Hexbeam modelling (Part 1)
I have heard some Hexbeam enthusiasts claim that the antenna cannot be modelled succesfully by packages such as EZNEC. This has not been my experience.
It is true that the unique shape of the Hexbeam calls for some care in choosing the number of segments to be used in the model - particularly around the feedpoint where the two halves of the Driver form an acute angle. My experience is that you need quite small segment lengths in this area. But you cannot simply use short segments here, and longer segments elsewhere - abrupt changes in segment length need to be avoided.
One solution is to use short segments throughout the model. However this results in a large number of segments, longer computation times, and on a 5 band Hexbeam model you will likely exceed the 500 segment limit of some of the "entry level" simulation packages. A better solution is to used "tapered segmentation"; with this approach, segments are made short in the critical area but are gradually lengthened as you move away from it. The diagram on the right is an expanded view of a Hexbeam model with tapered segmentation to show you the general idea:
Two necessary conditions for demonstrating that a model is reliable are that it "converges", and that it exhibits a low "Average Gain (AG)" figure. Convergence simply means that a further increase in the number of segments produces only an immaterial change in the results output from the model. L.B.Cebik, W4RNL, described this in more detail.
The Average Gain of a model is the ratio of the total power radiated by the antenna - integrated over all 3 dimensions - to the power applied to it; clearly, in a loss-free environment these two figures should be the same. L.B.Cebik quotes the following rules:
- AG>0.8dB "Model is subject to question and should be refined"
- AG>0.4dB "Model may be useful, but adequacy can be improved"
- AG>0.2dB "Model is quite usable for most purposes"
- AG<0.2dB "Model is considered to have passed the test and is likely to be highly accurate"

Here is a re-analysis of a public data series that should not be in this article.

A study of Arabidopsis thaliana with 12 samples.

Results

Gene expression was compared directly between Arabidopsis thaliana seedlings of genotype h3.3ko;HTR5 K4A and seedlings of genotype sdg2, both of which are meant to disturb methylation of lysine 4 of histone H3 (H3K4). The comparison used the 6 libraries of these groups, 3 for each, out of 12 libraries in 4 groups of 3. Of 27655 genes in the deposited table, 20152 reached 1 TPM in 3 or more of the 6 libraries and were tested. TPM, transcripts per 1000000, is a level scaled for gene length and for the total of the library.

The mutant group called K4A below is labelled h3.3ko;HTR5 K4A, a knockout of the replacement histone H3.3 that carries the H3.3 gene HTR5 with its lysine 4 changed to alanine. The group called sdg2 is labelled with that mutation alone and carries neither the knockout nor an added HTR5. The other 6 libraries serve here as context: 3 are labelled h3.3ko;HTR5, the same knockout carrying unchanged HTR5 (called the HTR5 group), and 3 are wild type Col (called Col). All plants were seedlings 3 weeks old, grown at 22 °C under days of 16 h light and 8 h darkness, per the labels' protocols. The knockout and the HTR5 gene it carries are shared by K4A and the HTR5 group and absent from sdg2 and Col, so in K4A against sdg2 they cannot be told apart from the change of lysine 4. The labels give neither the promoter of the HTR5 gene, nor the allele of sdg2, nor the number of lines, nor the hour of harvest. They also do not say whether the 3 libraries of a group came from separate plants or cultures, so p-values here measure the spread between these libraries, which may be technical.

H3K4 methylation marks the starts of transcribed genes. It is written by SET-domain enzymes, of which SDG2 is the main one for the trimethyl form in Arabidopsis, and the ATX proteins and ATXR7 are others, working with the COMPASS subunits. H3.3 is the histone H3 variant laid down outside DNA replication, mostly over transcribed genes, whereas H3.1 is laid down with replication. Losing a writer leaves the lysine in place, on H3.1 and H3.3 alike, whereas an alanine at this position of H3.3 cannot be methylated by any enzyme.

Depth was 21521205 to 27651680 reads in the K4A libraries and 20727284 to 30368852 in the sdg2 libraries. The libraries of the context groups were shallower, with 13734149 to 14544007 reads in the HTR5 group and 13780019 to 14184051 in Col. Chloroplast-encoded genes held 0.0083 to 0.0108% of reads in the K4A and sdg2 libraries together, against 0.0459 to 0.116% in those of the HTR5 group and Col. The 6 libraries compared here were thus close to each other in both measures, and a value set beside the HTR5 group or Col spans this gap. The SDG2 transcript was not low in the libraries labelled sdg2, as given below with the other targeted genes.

|Segmentation method||Number of segments||Average Gain||Input Impedance||Forward Gain||F/B|
|18||+2.19dB||14.9 + j 8.4||7.9dBi||15.4dB|
|26||+1.87dB||16.4 + j 9.1||7.5dBi||15.5dB|
|Tapered||80||-0.03dB||23.5 + j 12.3||5.8dBi||16.0dB|
|Linear||300||0.00dB||24.3 + j 13.5||5.7dBi||16.2dB|
It is interesting to note the effects that different segmentation schemes have on the results produced by an EZNEC Classic Hexbeam model. The table shows the Average Gain, Input Impedance, forward Gain and F/B ratios of the same 20m HexBeam model for four different levels of segmentation.
As you can see, both of the EZNEC "automatic" segmentations produce quite erroneous figures. Although it can be argued that subtracting the Average Gain figure from the Forward Gain value corrects this particular parameter, we are still left with some very misleading Input Impedance values. On the other hand tapered segmentation produces values which for all practical purposes are the same as those from the 300 segment model, with the advantage that a 5 band HexBeam can be modelled with as little as 400 segments.
Translating the dimensions of a Hexbeam (which are usually quoted in terms of the "Half Driver length", the "Half Reflector length" and the "End Spacings") into the XYZ coordinates for an EZNEC model is itself a challenge; add to that a requirement to taper the segmentation and it becomes a major exercise. Fortunately, Leo (K4KIO) has done all the hard work for us and provided a spreadsheet which takes Hexbeam dimensions as inputs and which produces an output file that can be read directly into EZNEC.
In Part 2 of Hexbeam modelling we'll take a look at how EZNEC predictions compare to "real world" measurements.